In 1962 I was 15 years old and I got invited to a party where there were girls. What did I know about girls? They didn’t play poker. They didn’t cut grass or shovel snow. They didn’t play stick ball or stoop ball. Actually, I didn’t know anything about girls. And, here I was at a party with girls. Well, it didn’t take long before they rounded up the boys to play Spin the Bottle. We sat down in a circle and set a bottle in the middle of the circle. It didn’t take long for me to realize this was some sort of kissing game. All of sudden I’m looking across the circle and there was the girl who I dreamed about in school. She was a cheerleader. The game started and before I knew it, it was my time to spin the bottle. Now, mind you, I never played this game but boy did my testosterone kick in when I saw that girl. I never gave much thought to the kind of bottle we were spinning. But, I soon realized we weren’t spinning a round glass bottle. It was, in fact, a square glass milk bottle. Anyway, I grabbed the bottle in my hand and proceeded to spin it with all of my might. The bottle turned and twisted, danced on its side, flipped up in the air and crash landed into a mess of broken glass. I guess I wasn’t too subtle about my early interest in this game. Too bad about my rock hard grip.
The party was not over though. We proceeded to another game called, Post Office. It wasn’t really much of a game. The girls were in charge. They picked a guy and asked him what kind of “delivery” they wanted. Pretty much anything from a Penny Post Card to Special Delivery). Being a shy sort of guy I picked … you guessed it … a Penny Post Card. Well, that was the equivalent to a kiss on the cheek. The girl who picked me .. who was clearly well equipped for more sophisticated services … told me I missed out. “You should have requested a Special Delivery.” To this day, I still wonder what she had in mind.
I shoulda coulda woulda ..
Some years later I was in a movie theater with a first date. “It’s a Mad Mad Mad World” was playing on the screen. About twenty minutes into the film I finally got the nerve to put my arm around her shoulder. My heart was pumping hard with all jets wide open. And then, about fifteen minutes later my hand fell asleep. And, even worse, it limped its way down over here shoulder and right onto her right breast. My hand was numb. I didn’t feel a thing. But, that excuse just didn’t cut it. My mad, mad, mad world turned into chopped liver for the night. Fortunately, there was a second, third and fourth date. And, thank goodness, my hand stayed awake for all of the subsequent dates.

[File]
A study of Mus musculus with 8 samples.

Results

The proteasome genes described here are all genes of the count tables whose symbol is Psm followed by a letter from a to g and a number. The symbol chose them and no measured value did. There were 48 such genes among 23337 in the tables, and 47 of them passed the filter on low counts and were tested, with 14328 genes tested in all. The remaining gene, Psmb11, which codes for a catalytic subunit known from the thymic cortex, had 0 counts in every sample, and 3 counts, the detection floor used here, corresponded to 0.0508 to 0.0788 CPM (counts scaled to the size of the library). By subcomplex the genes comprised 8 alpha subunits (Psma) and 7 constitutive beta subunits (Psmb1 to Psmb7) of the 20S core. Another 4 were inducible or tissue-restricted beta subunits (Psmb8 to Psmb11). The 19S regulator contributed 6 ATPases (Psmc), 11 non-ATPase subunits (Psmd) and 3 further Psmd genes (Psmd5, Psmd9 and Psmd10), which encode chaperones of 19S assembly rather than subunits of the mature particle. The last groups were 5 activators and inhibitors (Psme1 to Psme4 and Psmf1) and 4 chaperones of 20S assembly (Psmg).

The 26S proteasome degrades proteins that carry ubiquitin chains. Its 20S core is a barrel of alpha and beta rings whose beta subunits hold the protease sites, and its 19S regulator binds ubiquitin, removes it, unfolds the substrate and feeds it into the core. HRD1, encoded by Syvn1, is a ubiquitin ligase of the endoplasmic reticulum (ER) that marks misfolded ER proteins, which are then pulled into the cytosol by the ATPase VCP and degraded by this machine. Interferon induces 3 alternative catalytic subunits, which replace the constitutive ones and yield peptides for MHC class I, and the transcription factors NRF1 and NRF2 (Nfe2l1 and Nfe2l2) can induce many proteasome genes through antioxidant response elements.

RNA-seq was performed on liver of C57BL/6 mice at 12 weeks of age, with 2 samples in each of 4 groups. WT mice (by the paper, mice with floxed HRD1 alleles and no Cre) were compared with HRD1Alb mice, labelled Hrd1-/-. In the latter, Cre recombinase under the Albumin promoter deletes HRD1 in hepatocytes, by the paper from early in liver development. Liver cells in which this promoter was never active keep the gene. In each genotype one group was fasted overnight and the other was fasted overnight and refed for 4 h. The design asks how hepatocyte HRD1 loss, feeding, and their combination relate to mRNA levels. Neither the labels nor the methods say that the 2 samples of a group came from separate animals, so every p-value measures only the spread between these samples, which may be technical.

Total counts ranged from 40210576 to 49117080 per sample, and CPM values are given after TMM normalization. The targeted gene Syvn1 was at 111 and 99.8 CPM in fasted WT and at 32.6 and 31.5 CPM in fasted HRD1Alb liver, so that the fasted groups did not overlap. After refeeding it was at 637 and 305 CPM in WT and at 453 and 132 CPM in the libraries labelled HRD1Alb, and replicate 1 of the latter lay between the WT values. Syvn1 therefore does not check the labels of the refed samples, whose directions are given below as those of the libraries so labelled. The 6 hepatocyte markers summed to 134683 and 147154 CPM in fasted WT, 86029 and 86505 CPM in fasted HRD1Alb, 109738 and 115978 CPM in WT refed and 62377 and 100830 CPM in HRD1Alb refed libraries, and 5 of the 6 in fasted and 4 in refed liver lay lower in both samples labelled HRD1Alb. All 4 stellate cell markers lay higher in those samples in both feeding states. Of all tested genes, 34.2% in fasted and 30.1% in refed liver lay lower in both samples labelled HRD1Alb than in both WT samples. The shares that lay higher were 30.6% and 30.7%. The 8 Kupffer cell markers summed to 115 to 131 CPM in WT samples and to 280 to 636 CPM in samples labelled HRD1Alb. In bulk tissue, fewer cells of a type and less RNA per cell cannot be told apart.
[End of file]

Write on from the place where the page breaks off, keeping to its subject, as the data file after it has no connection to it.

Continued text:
I shoulda coulda woulda
It was News Years Eve, 1968. I was living in Los Angeles. My friend, Larry flew back home for a funeral. I had nothing to do so I walked a few blocks over to the Playboy Club and asked them if they needed any help that night. They offered me a job as Bartender’s Helper. Well, there I was in the fantasy place of all fantasy places for any red blooded American boy. I was washing dishes. It was getting close to Midnight. One of the waitresses asked me if I wanted to go to the After Hours Party. Oh, was I excited. And, oh was I tired. I went home after work to change my clothes and fell asleep. I shoulda coulda woulda.
I studied film making at City University on Staten Island. In 1973 I applied to continue onto Graduate School. I chose three universities; Temple University, NYU and USC in Los Angeles. Since I was mediocre student at best I thought all of my choices would be considered a stretch. But, since I produced a pretty good student film while I was studying at City University, my credentials carried some weight. Two out of the three universities accepted me. NYU said I could skip the first year of a three year program. And, USC wanted to know why I wanted to study there since I already knew how to produce a film. During this time I got married and we had a baby. So, I passed up on the film schools and got a Graduate Degree in Performing Arts Management. No regrets. It all turned out well. I owned a film production company for 31 years.
I met a girl in college. Well, actually she picked me up. From Day 1 we were bashert (Yiddish for meant to be). Two kids, a bunch of Grandkids, a bunch of houses, a few cities.
I coulda … I shoulda .. I woulda .. I did a … good thing.